What is a Pronoun? | Grammar

pronoun (noun): a word that takes the place of or represents a noun

Pronouns are small words that take the place of a noun. We can use a pronoun instead of a noun. Pronouns are words like: he, you, ours, themselves, some, each… If we didn’t have pronouns, we would have to repeat a lot of nouns. We would have to say things like:

  • Do you like the manager? I don’t like the manager. The manager’s not friendly.

With pronouns, we can say:

  • Do you like the manager? I don’t like him. He‘s not friendly.

A pronoun is a small word with a big job. In fact, a pronoun can take the place of an entire noun phrase. In this way, pronouns help us use fewer words and avoid repetition.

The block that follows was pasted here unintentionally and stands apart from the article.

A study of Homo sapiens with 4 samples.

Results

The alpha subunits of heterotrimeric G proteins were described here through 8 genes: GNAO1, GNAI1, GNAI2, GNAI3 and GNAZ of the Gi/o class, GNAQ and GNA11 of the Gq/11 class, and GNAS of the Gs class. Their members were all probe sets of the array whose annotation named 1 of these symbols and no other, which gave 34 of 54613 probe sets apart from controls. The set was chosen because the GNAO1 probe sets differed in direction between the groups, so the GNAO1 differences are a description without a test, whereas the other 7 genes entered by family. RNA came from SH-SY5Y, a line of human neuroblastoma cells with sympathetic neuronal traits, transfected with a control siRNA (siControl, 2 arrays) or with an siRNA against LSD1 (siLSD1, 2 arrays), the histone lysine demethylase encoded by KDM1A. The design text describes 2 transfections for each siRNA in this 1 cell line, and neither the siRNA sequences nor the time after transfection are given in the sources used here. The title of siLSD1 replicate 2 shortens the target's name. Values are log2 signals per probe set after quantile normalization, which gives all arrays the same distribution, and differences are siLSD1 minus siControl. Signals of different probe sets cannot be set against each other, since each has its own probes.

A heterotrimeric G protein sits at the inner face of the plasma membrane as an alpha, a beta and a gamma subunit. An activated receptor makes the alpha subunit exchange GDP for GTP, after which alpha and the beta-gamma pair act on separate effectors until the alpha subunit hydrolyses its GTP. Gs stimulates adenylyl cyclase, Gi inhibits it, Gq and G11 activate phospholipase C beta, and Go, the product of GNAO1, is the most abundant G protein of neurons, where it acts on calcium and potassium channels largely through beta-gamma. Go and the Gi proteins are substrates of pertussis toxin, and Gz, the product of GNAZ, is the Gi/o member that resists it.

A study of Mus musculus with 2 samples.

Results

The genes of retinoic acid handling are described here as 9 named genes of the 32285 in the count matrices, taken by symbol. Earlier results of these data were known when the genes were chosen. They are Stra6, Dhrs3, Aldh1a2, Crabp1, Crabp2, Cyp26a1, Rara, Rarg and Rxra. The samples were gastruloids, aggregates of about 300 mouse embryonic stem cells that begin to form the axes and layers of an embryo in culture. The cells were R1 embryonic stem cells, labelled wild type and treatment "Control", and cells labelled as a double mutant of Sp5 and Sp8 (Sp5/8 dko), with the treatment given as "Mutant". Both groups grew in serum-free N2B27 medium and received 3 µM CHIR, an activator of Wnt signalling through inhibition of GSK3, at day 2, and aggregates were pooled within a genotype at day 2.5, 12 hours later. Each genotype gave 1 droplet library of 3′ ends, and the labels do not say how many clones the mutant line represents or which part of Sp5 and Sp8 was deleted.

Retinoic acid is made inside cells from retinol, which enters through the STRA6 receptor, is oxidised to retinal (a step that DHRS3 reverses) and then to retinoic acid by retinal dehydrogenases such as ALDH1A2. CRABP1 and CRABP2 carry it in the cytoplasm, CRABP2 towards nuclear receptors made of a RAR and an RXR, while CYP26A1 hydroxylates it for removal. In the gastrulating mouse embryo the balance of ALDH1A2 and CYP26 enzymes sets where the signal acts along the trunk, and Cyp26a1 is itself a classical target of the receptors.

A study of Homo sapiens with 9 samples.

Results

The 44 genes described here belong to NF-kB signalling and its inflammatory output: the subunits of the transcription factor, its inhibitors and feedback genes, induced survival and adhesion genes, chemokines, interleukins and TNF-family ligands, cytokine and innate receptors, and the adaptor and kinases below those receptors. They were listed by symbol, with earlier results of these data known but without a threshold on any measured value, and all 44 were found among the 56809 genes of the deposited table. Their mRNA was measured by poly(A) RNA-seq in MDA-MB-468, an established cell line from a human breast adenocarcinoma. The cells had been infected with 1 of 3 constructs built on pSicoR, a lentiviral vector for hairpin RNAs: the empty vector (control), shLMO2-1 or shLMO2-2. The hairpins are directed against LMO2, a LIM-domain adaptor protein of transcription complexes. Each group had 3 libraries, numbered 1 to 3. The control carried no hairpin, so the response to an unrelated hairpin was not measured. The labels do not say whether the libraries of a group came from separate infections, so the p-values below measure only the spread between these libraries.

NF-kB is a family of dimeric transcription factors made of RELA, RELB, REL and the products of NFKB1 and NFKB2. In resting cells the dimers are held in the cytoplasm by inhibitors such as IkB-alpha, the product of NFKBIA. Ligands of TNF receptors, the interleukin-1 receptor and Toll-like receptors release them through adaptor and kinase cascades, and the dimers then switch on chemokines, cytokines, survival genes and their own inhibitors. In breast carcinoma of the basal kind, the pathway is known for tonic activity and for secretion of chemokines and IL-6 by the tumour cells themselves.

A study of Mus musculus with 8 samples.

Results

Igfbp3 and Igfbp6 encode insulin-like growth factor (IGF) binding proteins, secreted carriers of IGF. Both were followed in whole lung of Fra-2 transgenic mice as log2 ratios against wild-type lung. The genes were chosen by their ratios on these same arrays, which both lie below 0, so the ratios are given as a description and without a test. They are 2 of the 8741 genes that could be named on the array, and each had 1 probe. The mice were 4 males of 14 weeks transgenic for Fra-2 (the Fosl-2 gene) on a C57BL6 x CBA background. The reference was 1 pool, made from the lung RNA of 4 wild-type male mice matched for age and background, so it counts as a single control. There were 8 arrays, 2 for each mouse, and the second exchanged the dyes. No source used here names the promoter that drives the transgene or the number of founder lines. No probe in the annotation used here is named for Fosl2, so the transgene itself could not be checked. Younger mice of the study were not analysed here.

In the sentence “Please give this letter to Rosemary”, we can replace “this letter” with “it” and “Rosemary” with “her“, as you see below:

Please give this letter to Rosemary.
Please give it to her.

In a conversation, the speakers normally use pronouns to address each other: I speak to you. You speak to me. When we talk about John, we don’t keep repeating John’s name. We say he or him. If we talk about a thing, we can use the pronoun it.


By “noun”, we really mean: noun (food), name (Tara), gerund (swimming), noun phrase (twelve red roses). We can replace even a long noun phrase such as “the car that we saw crashing into the bus” with the simple pronoun “it“.

Here are some examples of noun phrases and the pronouns that could replace them:

noun (phrase) pronoun
the car it
Anthony he
the big woman with black hair she
swimming it
learning English it
almost all French people they
my wife and I we

pro + noun = “on behalf of” + noun

There are different types of pronoun, but they all have the same job – to represent a noun (phrase).